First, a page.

Everything needs to be responsive these days. Your site needs to work on laptops, desktops, TV screens, mobiles, tablets. A quick look at your analytics shows that your website visitors use a wide range of devices to access your data.
It’s Not Just About Being Responsive
WordPress makes it really simple to create websites that are responsive. Most themes that you download are created with responsiveness in mind. You hardly need to think about it. You can design a website that looks great on your desktop and laptop, and then when you view it on a mobile it just works! This is fantastic and enables us to build a website, or offer a website to clients that work on any platform.
It’s unfortunately not that simple. When you take a look at your website everything looks great. Your navigation is the same, the content is the same, but it just doesn’t feel right. You’ll maybe find that your text seems to go on forever. It takes far too long to scroll through the site. Information may be difficult to find. Information and page areas that seem logical on a desktop version just seem like unnecessary clutter on a mobile version.
Think About The Mobile Experience
If you’re failing to consider the mobile user experience then it’s time to address your websites. It is relatively simple to create different user experiences when using page builders such as Elementor or Divi. These page builders are included with many free and premium WordPress Themes and give you the opportunity to show or hide content according to the device the site is viewed on. Heres a screenshot from the Elementor edit window. If you look under Responsive > Visibility you can see there’s a SHOW / HIDE option for Desktop, Tablet or Mobile devices. You can use this option to create sections of your website that only appear on one kind of device, or create different versions of your content for each device.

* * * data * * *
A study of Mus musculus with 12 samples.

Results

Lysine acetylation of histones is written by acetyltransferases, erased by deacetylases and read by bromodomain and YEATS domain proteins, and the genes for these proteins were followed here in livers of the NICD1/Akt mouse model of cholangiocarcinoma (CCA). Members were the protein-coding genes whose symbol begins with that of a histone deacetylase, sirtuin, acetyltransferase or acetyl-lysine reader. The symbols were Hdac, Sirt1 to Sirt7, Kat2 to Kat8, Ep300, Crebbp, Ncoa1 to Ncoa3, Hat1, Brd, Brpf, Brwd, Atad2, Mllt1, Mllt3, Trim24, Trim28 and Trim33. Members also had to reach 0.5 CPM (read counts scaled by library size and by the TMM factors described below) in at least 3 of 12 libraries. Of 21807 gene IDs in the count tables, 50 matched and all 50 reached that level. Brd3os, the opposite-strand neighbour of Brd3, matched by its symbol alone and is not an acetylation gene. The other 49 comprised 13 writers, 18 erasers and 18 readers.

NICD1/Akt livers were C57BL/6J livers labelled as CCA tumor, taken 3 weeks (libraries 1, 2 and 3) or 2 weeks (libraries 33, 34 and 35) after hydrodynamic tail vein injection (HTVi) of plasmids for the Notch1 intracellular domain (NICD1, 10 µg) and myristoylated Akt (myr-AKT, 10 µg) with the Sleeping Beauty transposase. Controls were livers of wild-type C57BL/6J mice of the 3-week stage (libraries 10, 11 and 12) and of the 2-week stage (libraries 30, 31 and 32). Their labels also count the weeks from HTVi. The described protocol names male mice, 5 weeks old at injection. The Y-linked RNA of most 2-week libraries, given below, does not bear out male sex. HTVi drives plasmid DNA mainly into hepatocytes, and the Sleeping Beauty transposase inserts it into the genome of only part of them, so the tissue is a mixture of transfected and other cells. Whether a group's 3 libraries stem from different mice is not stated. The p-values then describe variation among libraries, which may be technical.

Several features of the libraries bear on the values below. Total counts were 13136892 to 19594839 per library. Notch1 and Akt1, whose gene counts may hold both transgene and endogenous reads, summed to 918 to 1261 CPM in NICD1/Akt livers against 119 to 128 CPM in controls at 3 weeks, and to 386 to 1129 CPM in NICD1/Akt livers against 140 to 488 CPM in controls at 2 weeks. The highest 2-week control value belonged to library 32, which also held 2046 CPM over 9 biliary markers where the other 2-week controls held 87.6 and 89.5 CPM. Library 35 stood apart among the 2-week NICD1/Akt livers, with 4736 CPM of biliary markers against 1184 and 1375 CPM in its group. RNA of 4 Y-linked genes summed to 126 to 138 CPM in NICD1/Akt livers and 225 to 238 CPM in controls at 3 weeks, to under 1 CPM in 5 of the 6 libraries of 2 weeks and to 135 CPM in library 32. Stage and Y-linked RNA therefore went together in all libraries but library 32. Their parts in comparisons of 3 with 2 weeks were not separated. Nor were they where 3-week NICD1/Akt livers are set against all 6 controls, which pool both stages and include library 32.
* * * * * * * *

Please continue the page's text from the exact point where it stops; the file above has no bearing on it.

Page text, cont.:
But Don’t Forget About Google!
There’s a trade-off with this! Google predominantly uses the mobile version of the content for indexing and ranking. If you create a totally slimmed down version of your site for mobile use, Google may only use this version of the site for ranking your site in its directory. Google recommends that your site contains the same content on both mobile and desktop versions, so it’s not good practice to lose important content for mobile.